For many years, farmers across the country have purchased crop insurance policies as a way to manage the risk of a yield or income loss. However, crop insurance has stepped into the spotlight as the highest costing federal farm program, at about $8 billion a year.
Despite the size of the program, crop insurance has not been available for many types of crops. In 2015 and 2016, 90 percent of crop insurance premiums covered only 10 crops, forcing commodity farmers who wished to experiment or diversify to do so without insurance. Other producers, such as farmers who grow vegetables or certain small grains, cannot buy insurance.
Often, coverage is available for a crop only on a regional basis. For example, in 2017, a policy was available for apples in 10 counties in Missouri and two counties in Minnesota, but nowhere in Iowa, Kansas, or Nebraska – even though each of those states reported apple production in the previous Census of Agriculture. Organic crop insurance is also limited, and many farmers have only been able to insure their higher-priced, organic commodities at the lower value of their conventional counterparts. This lack of availability often has to do with how crop insurance policies are calculated. As with other insurance, a crop is protected based on its value.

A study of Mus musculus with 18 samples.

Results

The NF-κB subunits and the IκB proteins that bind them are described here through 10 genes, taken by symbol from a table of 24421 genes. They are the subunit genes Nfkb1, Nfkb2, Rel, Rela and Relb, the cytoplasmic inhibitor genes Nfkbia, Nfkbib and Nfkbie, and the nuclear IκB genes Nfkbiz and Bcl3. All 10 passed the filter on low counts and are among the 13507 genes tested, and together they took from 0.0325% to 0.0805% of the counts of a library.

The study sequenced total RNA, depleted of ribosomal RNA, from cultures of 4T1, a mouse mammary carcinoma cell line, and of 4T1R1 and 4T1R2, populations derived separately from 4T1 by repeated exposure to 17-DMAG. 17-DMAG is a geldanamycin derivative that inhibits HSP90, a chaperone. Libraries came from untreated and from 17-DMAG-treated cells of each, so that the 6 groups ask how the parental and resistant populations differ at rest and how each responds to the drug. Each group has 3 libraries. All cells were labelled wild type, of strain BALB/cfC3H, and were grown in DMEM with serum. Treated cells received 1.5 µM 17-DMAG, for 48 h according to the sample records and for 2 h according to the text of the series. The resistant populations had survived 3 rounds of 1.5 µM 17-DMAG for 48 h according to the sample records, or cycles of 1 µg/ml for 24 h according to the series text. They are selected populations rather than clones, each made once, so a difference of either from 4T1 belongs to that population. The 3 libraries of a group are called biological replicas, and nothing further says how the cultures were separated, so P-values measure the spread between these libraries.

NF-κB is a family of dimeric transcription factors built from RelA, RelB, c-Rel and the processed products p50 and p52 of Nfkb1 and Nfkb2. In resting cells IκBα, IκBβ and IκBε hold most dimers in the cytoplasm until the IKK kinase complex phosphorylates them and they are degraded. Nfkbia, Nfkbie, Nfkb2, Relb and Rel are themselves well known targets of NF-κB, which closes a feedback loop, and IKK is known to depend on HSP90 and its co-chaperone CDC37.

Unlike home or car insurance, where insurance is purchased on property that an individual already owns, a farmer purchases insurance on a crop before it is grown and harvested. Therefore, previous yield history is used to calculate the predicted value of a crop. For example, in a county where corn production is historically 150 bushels per acre, a farmer is more likely to buy insurance on an expected crop of 150 bushels per acre rather than on an expected crop of 200 bushels per acre.
However, basing policies on yield history means less common crops are often uninsured. For example, in 2012, there were 22 Nebraska farms that raised safflower in nine of Nebraska’s 93 counties. Insurance agents and companies cannot make a reasonable prediction on an expected safflower yield in a county with only one farmer who plants safflower. Farmers and ranchers who wish to diversify their production and rely on crop insurance as a risk management tool are less likely to raise and market uncommon crops.
A new crop insurance product designed to address these concerns and expand coverage for farmers and ranchers is Whole Farm Revenue Protection (WFRP). WFRP was created by the Agricultural Act of 2014, also commonly known as the 2014 farm bill. Up to $8.5 million of an operation’s revenue can be covered through WFRP, providing farmers and ranchers with the option to insure more crops and livestock, ranging from corn and soybeans, to pumpkins and berries.
Another feature of WFRP is that it rewards diversification. WFRP, like all crop insurance, is subsidized by the government, and farmers can qualify for a higher subsidy level if they produce more than one commodity on their farm. A farmer raising corn, soybeans, and cattle could qualify for the same higher subsidy level as a farmer raising goats, vegetables, and tree fruit.
This report is written by Anna Johnson, policy associate, and Glen Ready, policy assistant, with support from Cora Fox, policy associate.